After having read Steve Humphries's response to my letter, I found myself wondering: why did he bother to write it?
It was just the same old litany of lies and distortions that anti-Semites and anti-Israelis have been trundling out for years.
My letter related strictly to Israel's rights under international law, as well as the vagueness of the so-called Arab Palestinian' case. I was scrupulous in keeping to the legal aspects only. As to Steve Humphries' letter: I presume he has never visited the Jewish state. One of my grandson's closest buddies at his school in Tel Aviv is an Arab-Israeli boy. Arab Israelis are granted the exact same rights under Israeli law as are Jewish Israelis.
Sorry to disappoint you Steve. Next time you write in a letter, check your facts, and drop your prejudices.
Are these islands absolutely determined to kill their tourist industry?
After decimating the big yacht charter industry with taxes and new laws, they have turned their attention to the thousands of small craft that have, over the years, brought hundreds of millions worth of business to Majorca, Ibiza and Minorca. Small yachts and motor boats, whose owners and crew spend good money on food supplies, restaurants and marine services have for decades dropped their anchors in harbours and bays, free of charge, making the islands one of the most popular cruising areas in the world. But greed is now changing all that.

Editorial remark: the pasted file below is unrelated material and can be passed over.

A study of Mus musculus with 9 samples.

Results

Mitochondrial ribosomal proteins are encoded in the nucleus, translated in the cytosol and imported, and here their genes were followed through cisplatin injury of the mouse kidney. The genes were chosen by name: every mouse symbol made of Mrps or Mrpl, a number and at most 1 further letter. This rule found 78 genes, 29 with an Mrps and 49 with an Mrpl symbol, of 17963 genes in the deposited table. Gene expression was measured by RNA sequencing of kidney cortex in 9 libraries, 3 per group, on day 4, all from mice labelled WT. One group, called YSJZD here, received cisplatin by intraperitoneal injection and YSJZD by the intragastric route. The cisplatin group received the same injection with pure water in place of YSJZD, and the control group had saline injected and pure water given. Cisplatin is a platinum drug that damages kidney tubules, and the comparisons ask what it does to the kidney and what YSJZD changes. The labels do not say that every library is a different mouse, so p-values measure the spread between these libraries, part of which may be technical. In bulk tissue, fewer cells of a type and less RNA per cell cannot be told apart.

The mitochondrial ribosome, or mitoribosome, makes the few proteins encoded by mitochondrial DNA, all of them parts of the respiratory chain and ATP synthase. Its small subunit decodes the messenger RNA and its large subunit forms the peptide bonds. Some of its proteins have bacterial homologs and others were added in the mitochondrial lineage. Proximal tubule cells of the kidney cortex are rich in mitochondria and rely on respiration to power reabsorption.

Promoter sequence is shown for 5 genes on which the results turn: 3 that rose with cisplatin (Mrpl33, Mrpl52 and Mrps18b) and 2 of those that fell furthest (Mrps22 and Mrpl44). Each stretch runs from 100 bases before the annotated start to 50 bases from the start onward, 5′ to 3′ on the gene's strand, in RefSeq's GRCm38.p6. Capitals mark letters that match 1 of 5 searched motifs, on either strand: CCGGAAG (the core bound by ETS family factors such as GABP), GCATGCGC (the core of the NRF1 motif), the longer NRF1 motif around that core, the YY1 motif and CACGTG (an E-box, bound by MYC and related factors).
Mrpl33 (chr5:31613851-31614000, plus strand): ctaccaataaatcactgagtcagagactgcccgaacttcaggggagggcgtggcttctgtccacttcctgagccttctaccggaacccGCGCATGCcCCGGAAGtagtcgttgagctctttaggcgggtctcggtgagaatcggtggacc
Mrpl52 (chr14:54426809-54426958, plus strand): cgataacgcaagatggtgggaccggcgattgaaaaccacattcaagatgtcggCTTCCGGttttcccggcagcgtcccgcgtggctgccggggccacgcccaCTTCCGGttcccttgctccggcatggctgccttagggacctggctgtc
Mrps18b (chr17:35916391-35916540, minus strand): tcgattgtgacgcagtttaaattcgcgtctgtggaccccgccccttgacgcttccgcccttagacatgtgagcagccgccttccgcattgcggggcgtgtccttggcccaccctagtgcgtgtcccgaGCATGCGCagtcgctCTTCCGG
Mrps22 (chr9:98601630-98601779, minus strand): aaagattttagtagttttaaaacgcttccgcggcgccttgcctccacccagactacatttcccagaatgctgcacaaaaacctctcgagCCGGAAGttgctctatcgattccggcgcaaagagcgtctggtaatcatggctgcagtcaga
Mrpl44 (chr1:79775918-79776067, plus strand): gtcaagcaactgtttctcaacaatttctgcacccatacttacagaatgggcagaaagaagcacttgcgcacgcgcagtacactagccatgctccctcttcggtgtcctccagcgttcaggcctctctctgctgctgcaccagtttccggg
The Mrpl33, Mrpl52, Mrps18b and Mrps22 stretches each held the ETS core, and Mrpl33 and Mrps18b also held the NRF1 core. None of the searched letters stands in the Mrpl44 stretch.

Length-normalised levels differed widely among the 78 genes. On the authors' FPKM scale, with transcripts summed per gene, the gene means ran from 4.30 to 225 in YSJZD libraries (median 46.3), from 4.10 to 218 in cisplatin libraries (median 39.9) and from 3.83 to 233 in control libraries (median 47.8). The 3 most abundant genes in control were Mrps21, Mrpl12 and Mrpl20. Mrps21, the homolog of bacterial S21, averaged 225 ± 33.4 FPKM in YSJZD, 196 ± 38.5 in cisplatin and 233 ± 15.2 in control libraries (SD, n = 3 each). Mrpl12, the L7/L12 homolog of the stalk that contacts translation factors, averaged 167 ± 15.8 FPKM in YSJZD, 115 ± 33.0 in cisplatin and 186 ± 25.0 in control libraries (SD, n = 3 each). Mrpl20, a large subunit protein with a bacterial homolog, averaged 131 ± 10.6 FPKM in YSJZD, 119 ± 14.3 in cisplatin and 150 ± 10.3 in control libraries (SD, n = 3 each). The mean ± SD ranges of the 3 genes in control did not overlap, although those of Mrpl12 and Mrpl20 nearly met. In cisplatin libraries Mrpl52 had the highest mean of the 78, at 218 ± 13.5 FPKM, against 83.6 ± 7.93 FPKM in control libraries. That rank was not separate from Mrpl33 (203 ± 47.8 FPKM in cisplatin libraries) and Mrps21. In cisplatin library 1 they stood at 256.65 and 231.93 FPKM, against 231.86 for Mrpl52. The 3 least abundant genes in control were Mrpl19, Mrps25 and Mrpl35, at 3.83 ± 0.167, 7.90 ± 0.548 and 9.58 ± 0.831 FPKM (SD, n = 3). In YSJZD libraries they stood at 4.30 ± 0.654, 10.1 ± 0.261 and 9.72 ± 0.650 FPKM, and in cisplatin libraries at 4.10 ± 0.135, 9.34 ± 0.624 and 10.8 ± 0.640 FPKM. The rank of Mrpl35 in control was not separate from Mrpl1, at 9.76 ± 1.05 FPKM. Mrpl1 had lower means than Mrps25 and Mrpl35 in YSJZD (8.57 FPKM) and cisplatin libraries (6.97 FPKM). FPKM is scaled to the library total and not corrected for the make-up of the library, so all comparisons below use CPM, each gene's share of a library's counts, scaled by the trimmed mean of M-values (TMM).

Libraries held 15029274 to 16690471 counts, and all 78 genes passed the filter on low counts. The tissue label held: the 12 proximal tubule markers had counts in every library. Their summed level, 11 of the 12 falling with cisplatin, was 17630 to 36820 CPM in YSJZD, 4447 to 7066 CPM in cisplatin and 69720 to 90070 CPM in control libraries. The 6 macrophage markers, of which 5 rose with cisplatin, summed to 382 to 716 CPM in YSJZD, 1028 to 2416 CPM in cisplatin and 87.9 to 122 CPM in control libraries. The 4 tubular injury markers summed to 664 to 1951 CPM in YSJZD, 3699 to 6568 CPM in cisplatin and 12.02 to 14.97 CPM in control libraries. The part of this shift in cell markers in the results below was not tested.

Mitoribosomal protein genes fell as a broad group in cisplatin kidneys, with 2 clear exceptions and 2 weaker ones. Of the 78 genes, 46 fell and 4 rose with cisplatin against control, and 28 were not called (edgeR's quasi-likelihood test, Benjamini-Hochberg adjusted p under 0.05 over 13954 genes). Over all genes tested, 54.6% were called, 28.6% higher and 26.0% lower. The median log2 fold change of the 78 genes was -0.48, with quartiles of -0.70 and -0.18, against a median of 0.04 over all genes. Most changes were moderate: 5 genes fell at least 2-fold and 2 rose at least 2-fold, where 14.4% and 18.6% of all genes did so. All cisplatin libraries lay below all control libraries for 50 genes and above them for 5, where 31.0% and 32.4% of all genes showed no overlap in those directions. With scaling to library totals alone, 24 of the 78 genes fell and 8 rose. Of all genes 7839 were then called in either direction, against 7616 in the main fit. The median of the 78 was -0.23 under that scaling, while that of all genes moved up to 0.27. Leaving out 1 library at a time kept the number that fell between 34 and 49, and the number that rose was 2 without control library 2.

A friend of mine who brought his 40 foot boat to Majorca last year was staggered, last week, to be charged 40 euros to go on a buoy outside one of our small ports. Another yacht slightly bigger, was charged nearly sixty to hang on a buoy in Andraitx. The problem is that these buoys take up traditional safe anchoring areas, so options for those trying to avoid, or be prepared for, less than perfect weather become fewer and fewer as more and more buoys are laid in bays or ports. For a 51 foot boat to go to the idyllic anchorage of Espalmador off Ibiza is now nearly 60 a night. That is more than the cost of a good bed and breakfast! In one east coast port they are charging a 32 footer nearly 30 euros, and that is for mooring well outside the harbour walls in areas that until a few years ago were open to any yacht to anchor free. When buoys were first introduced prices were moderate. This year they are extortionate. Palma was and is still the sailing capital of the Med, but that will change very rapidly if authorities fail to understand that many people with families use their boats to make foreign holidays affordable. Price them out of the market, with wildly expensive marina charges and by making traditional anchoring areas inaccessible to those who cannot pay hundreds of euros for what used to be a free' use of the seas, and Majorca and the other islands will lose yet another source of good, fair business, in exchange for short lived piracy'.